If Something's Worth Doing, It's Worth Doing Badly...
For many reasons, among which is that trying and failing helps you really appreciate the skill and technique required to do it well.
G.K. Chesterton has many great quotes, including the line, “If something’s worth doing, it’s worth doing badly.” This seems to reverse the ordinary formulation, that anything worth doing is worth doing well, but the two sayings are complementary. If something is worth doing well, then it is worthwhile to try to do it yourself, and your first attempts will probably go badly. Mistakes will be made and, hopefully, learned from, but if you stick with it and keep trying, you will eventually do it well — at least well enough to enjoy it and derive benefit from doing it.
One of the benefits of trying to do something well, even if you end up doing it badly, is that you develop a real appreciation for the skill and technique required to do it well.
Anyone can enjoy watching a competition between athletes playing at the top of their game, but nobody appreciates it more than those who have trained and competed in the sport themselves. They pick up on the little things that an inexperienced spectator misses: the mastery of fundamentals and the synthesis of a thousand little techniques into a grand, dynamic strategy to outperform a similarly skilled competitor.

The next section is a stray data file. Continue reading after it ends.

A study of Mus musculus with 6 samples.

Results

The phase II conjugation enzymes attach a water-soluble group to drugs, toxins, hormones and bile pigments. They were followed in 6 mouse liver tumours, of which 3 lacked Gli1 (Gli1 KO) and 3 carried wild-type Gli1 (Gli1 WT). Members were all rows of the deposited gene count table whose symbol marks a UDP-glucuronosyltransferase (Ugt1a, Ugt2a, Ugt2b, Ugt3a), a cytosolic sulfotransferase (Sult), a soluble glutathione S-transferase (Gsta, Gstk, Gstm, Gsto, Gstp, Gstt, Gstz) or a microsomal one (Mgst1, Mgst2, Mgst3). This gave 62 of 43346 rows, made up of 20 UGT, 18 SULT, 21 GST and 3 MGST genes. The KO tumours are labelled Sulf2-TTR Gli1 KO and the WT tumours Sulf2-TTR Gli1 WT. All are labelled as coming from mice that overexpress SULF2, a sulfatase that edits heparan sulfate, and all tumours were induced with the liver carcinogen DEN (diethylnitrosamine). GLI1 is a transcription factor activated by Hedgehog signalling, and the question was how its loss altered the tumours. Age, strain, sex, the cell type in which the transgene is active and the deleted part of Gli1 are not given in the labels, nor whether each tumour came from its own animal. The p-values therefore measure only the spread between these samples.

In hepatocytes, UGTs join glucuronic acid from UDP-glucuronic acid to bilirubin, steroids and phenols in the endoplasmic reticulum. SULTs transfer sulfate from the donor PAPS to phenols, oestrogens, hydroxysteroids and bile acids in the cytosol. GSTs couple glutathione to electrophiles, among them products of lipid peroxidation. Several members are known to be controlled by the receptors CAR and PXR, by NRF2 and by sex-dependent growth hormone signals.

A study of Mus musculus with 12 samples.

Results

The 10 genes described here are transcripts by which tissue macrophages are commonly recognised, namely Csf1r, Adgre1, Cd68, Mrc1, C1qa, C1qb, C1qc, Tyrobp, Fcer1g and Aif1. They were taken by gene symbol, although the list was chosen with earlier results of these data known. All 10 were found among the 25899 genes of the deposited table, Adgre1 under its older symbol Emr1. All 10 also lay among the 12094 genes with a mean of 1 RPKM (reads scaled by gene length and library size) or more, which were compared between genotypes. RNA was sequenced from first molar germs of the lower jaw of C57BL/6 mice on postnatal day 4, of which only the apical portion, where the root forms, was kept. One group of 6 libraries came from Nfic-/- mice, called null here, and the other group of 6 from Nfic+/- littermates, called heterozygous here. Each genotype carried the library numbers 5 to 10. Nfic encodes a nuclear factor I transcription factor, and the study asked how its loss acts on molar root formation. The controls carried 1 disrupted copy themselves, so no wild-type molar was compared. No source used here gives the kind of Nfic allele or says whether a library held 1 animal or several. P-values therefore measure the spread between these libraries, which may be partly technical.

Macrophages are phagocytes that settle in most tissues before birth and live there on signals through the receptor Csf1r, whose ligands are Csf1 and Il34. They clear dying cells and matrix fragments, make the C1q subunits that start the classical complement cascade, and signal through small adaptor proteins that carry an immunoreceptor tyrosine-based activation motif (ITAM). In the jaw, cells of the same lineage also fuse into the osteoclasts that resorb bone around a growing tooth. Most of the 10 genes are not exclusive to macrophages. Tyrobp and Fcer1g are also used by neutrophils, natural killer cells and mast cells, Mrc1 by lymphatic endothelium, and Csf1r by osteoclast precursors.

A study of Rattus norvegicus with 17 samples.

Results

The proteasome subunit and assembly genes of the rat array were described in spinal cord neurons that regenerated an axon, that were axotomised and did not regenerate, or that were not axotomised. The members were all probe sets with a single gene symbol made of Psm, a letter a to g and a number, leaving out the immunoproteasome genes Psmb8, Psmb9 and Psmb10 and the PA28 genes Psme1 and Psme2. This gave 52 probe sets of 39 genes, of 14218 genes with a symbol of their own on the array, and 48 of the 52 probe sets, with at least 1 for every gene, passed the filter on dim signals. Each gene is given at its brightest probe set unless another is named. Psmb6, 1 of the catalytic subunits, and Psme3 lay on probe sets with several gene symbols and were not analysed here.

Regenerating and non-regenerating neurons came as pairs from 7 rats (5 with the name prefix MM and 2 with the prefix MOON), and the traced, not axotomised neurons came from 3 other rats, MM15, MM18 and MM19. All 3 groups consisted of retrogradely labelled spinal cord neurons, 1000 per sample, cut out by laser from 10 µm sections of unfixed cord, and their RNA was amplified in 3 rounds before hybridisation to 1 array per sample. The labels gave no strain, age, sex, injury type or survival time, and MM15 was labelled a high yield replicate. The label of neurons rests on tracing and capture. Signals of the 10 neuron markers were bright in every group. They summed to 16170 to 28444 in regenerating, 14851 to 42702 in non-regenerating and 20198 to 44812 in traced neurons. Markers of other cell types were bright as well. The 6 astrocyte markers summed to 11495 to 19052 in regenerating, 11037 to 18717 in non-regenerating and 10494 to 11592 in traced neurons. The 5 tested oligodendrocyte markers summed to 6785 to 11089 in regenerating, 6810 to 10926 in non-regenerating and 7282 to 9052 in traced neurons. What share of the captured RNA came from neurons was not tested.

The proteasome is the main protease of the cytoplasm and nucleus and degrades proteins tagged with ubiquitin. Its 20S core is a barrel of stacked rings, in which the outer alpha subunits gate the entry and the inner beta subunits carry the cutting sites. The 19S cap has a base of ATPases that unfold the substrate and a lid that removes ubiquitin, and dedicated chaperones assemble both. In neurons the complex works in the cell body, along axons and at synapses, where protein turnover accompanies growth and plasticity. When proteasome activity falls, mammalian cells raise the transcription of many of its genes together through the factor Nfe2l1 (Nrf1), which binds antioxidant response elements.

Everyone loves a great comeback story, but nobody loves those stories more than those who have fought similar battles, and who stayed in the fight even though victory seemed impossible.
This is true in any creative endeavor. You may have little knack for painting, but if you give it an earnest shot, you will have a better experience the next time you go to an art gallery; you’ll notice aesthetic details you would have otherwise missed.
Even the most seemingly prosaic tasks can be like this: as someone who has never been mechanically inclined or gifted, I can say that after trying, and failing, to fix a broken appliance, I have experienced genuine admiration and awe when I watched a repairman restoring the machine to good working order.
I love playing piano and writing music as a hobby. Though my skills are very unpolished and I will almost certainly never make a dime from it, I do enjoy it, simply for its own sake. One of the added benefits of this is that it has enhanced my enjoyment when listening to others performing music well (although it has also increased my frustration with and disdain for the absolute shite that is most popular “music” today).